How the project benefited the library
Then: Lights in the Special Collections area were typically on 10-13 hours per day
Now: Lights now are only activated when there is activity and only in the area where that activity is occurring
Then: A compact fluorescent bulb is 54 watts, lasts about 10,000 hours and produces heat
Now: An LED bulb is 25 watts, lasts about 50,000 hours and doesn’t produce heat
Paper and photographs can’t take the heat. Or the light.
Both elements cause historic, fragile documents to breakdown over time, much to the dismay of curators of the Special Collections at the Marriott Library.
Enter a trio of students — Sierra Govett, Dillon Seglem and Yinhuan Huang — in search of a project for Jennifer J. Follstad Shah’s environmental and sustainability studies capstone class last spring.
Govett initially proposed they tackle excessive light use across campus, especially at times when buildings are unoccupied.
“A lot of buildings on campus have lights on more than they should and we wanted to find some place we could address lighting at a large enough scale to make a difference, said Govett.
But the students abandoned that idea after realizing vast differences in lighting systems from floor-to-floor and building-to-building would make a standardized solution impossible.
Bill Leach, sustainability project coordinator for Facilities Management, suggested the students instead look at what might be done to address lighting concerns in the Marriott Library. Ian Godfrey, director of library facilities, was “not only excited about the prospect of a lighting controls project, but had an area in mind,” Leach said.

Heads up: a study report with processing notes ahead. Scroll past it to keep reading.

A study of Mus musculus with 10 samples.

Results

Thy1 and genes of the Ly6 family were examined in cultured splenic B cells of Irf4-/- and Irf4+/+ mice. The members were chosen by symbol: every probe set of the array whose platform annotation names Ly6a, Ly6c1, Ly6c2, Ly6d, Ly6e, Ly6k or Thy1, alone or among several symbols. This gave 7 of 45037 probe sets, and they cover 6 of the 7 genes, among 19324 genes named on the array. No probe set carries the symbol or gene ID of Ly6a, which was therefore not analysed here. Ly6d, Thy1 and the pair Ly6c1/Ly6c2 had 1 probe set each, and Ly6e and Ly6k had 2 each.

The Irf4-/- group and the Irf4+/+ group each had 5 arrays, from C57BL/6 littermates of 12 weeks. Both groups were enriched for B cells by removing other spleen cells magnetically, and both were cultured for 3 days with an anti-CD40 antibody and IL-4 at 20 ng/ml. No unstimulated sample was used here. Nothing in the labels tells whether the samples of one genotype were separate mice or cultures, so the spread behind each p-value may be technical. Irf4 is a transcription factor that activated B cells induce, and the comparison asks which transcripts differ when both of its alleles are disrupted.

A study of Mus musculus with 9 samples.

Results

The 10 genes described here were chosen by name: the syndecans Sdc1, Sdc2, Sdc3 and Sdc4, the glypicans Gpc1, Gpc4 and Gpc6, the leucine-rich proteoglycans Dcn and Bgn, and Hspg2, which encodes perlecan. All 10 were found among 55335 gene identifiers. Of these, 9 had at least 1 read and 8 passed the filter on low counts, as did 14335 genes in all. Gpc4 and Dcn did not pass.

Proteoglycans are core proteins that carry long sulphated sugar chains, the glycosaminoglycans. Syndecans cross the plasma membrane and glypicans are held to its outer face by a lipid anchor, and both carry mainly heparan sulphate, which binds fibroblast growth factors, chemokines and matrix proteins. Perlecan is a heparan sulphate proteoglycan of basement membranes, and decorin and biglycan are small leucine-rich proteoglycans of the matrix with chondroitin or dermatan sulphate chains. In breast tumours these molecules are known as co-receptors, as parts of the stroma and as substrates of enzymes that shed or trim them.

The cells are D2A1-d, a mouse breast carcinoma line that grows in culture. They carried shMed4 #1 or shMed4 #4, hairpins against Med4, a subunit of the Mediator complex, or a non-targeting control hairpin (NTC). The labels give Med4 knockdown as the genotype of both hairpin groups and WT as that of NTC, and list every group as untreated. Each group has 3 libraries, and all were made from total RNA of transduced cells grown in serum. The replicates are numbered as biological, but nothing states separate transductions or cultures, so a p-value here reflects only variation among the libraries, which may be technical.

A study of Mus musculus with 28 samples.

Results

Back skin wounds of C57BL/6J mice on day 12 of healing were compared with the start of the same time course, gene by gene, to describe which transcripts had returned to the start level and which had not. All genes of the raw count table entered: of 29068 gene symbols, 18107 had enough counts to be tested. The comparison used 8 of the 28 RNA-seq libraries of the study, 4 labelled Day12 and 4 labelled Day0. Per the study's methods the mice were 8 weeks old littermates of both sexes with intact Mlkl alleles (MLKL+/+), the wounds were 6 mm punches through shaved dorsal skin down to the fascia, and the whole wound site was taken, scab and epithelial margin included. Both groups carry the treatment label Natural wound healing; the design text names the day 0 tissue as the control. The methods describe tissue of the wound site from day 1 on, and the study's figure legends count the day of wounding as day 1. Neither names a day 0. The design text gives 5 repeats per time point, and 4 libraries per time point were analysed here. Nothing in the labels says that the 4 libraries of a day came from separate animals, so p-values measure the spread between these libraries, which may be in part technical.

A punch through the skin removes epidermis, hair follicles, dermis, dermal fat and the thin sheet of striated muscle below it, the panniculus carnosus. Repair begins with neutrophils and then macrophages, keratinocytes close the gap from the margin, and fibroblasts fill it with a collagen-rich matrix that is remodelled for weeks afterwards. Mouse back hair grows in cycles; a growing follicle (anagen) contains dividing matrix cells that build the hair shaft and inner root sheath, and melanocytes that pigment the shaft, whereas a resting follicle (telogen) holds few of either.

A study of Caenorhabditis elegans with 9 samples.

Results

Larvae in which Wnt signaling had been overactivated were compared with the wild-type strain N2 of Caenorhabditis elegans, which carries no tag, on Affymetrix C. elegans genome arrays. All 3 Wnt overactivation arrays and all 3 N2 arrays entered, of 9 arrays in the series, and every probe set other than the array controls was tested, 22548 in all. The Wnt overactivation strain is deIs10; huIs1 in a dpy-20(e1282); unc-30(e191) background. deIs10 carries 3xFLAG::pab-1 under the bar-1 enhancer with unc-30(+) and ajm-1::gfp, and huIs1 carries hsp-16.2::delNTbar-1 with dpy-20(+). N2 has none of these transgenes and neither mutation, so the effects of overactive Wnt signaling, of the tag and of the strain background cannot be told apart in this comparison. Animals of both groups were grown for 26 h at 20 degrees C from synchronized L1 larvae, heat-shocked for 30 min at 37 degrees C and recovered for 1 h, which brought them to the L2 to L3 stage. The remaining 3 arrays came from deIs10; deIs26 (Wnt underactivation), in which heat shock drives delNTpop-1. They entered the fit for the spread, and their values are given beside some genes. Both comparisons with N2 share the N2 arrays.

That area? Special Collections.
Leach, Godfrey and Emerson Andrews, Sustainable Campus Initiative Fund (SCIF) coordinator, helped the students conduct an audit of the space, come up with a plan and develop a budget.
Their idea: install a new lighting system with LED bulbs that are motion and daylight sensitive. Lights above each row activate only when someone moves into the area and there is insufficient daylight.
“To take light off these resources is a huge benefit for us,” Godfrey said. “Everything in here is rare and unique. Paper is always in a state of degradation. Anytime you are lowering the temperature and reducing the heat, you are slowing the deterioration process.”
The students applied for and received a SCIF revolving loan of $40,000, which paid for installation of a new lighting system over the summer. The loan fund is specifically used for energy and money saving ideas proposed by students, faculty and staff for energy conservation, renewable energy production and water conservation projects. A Rocky Mountain Power wattsmart incentive grant helped off-set some of the project’s cost.
The library will repay the loan over 13 years, using money from utility cost savings. But the impact — both monetary and in preservation of its collections — will be ongoing.
“I am thrilled that this project, initiated by these three students in my capstone class, is coming to fruition and will help to reduce the campus carbon footprint while preserving library resources,” said Follstad Shah, an assistant professor in environmental and sustainability studies and research assistant professor in geography.
The SCIF revolving loan fund used in the project is available to all students, faculty and staff who have an idea for saving energy and money. It has paid for other energy projects, such as solar panels and heating system upgrades, but this is the first lighting project, said Myron Willson, deputy chief sustainability officer.
“We were pretty excited to do something that made such a difference,” said Govett, who graduated last spring with degrees in environmental studies and ballet.
Govett and Seglem toured the retrofitted space for the first time in mid-November.
“It’s really cool to come in here and see it working with the motion sensors and all,” said Seglem, a senior majoring in environmental studies.